If you've ever had thoughts of suicide, it's important to know you're not alone. While suicidal thoughts may feel isolating, the reality is, they are actually very common - and you don't need to be depressed to have them. In fact, according to the CDC, over 12 million Americans seriously thought about suicide in 2019 alone. While these thoughts may feel scary and overwhelming, simply having suicidal thoughts does not mean you will act on them. A suicidal thought is not to be taken lightly, but it is just that- a thought.
Though they may feel impossible to ignore in the moment, suicidal thoughts can be managed. Suicidal ideation can be fleeting and, in many cases, can be navigated and treated with the help of healthcare professionals, the support of friends, family,, as well as by practicing self-care and making certain lifestyle changes.
As these thoughts can be common when you're feeling low, it makes sense to prepare for how you can keep yourself safe. Developing a suicide safety plan - a set of steps identifying warning signs and coping strategies - can help you protect yourself and navigate suicidal thoughts as they arise, as well as help you feel more in control amid overwhelming feelings of sadness or hopelessness.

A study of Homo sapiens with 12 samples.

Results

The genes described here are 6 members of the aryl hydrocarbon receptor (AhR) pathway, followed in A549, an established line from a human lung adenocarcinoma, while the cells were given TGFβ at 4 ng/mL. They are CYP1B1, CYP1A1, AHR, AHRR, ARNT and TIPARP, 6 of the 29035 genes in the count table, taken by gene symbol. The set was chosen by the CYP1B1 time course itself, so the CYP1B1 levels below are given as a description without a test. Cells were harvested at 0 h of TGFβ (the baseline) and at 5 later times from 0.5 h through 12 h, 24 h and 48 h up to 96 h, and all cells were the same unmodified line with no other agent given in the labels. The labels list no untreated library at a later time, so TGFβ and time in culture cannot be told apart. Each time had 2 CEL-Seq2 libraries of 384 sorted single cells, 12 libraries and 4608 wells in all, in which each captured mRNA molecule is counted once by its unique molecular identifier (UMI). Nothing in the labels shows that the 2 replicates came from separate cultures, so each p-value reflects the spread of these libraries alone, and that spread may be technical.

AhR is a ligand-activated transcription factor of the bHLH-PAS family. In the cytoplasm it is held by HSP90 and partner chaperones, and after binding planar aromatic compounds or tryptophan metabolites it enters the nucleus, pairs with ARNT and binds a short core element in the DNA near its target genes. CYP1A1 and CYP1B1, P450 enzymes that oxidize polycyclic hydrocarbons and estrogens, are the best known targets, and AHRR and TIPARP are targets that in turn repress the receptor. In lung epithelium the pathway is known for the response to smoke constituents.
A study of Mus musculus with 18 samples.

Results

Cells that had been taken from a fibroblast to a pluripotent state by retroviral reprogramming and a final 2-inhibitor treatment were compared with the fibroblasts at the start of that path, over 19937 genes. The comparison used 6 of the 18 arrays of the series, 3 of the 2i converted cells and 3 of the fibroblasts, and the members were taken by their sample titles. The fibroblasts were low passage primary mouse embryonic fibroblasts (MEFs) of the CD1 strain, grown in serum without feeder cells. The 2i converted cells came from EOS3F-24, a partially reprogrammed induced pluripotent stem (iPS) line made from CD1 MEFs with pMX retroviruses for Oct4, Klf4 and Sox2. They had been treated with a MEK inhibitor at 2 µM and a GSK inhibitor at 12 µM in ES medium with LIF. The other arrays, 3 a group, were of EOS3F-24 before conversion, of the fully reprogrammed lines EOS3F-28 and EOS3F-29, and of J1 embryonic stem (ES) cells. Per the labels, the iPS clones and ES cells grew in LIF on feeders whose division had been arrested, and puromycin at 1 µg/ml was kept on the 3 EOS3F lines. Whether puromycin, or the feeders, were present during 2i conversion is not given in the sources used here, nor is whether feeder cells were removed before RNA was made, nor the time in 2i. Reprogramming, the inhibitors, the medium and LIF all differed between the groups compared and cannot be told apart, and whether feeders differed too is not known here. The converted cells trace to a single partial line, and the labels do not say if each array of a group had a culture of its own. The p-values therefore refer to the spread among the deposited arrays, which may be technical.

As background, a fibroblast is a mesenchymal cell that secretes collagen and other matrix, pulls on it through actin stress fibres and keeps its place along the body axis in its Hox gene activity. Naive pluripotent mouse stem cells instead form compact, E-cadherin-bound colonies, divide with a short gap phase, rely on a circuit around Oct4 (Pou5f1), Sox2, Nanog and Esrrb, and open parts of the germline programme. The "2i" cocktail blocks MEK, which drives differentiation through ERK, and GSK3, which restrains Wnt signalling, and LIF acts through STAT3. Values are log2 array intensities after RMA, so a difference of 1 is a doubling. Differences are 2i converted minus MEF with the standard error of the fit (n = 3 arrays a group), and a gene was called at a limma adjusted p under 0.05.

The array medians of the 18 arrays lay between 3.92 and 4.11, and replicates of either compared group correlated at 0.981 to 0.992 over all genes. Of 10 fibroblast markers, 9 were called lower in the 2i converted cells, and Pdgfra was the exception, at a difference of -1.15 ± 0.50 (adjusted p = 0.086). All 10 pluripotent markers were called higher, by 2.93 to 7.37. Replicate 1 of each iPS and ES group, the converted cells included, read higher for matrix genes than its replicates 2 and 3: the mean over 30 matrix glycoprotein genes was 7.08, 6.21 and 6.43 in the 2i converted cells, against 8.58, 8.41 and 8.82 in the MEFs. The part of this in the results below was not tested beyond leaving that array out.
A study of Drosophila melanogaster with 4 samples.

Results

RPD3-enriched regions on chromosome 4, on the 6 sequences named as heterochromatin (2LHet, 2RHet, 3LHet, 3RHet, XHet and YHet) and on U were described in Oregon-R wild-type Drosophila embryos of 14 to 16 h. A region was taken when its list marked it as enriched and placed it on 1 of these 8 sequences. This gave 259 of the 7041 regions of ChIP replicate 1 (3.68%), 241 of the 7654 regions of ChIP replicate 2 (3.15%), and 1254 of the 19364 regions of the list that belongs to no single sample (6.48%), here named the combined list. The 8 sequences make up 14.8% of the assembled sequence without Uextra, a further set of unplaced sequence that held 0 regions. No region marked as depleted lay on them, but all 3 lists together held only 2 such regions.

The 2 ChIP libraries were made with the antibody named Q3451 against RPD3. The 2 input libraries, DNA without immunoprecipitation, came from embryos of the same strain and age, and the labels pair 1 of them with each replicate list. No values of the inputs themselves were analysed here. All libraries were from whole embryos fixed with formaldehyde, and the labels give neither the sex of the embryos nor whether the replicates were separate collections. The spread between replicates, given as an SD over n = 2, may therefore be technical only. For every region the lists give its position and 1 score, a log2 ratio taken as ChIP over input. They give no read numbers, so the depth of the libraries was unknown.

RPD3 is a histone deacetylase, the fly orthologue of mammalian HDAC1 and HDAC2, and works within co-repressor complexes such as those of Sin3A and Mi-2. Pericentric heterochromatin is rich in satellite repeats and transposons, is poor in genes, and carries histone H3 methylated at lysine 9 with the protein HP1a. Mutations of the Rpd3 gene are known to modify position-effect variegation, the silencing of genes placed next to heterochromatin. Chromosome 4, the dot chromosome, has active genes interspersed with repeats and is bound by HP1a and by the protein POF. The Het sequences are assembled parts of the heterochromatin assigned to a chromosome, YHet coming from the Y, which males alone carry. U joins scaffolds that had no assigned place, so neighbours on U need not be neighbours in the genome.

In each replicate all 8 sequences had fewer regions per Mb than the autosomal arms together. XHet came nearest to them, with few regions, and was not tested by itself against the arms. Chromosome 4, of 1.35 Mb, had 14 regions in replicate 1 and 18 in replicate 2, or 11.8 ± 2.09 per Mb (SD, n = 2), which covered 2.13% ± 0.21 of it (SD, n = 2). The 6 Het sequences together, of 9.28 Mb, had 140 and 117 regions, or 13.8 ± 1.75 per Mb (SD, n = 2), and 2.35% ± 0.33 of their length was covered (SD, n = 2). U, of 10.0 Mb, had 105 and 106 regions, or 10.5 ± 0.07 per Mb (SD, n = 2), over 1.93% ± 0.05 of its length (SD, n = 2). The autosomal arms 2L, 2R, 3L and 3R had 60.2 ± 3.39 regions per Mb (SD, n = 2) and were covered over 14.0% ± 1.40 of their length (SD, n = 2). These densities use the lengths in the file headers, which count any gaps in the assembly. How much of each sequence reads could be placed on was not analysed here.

Here's what to know about creating a suicide safety plan and protecting yourself in moments of crisis:
1Life Healthcare Inc. published this content on 12 September 2021 and is solely responsible for the information contained therein. Distributed by Public, unedited and unaltered, on 13 September 2021 04:31:05 UTC.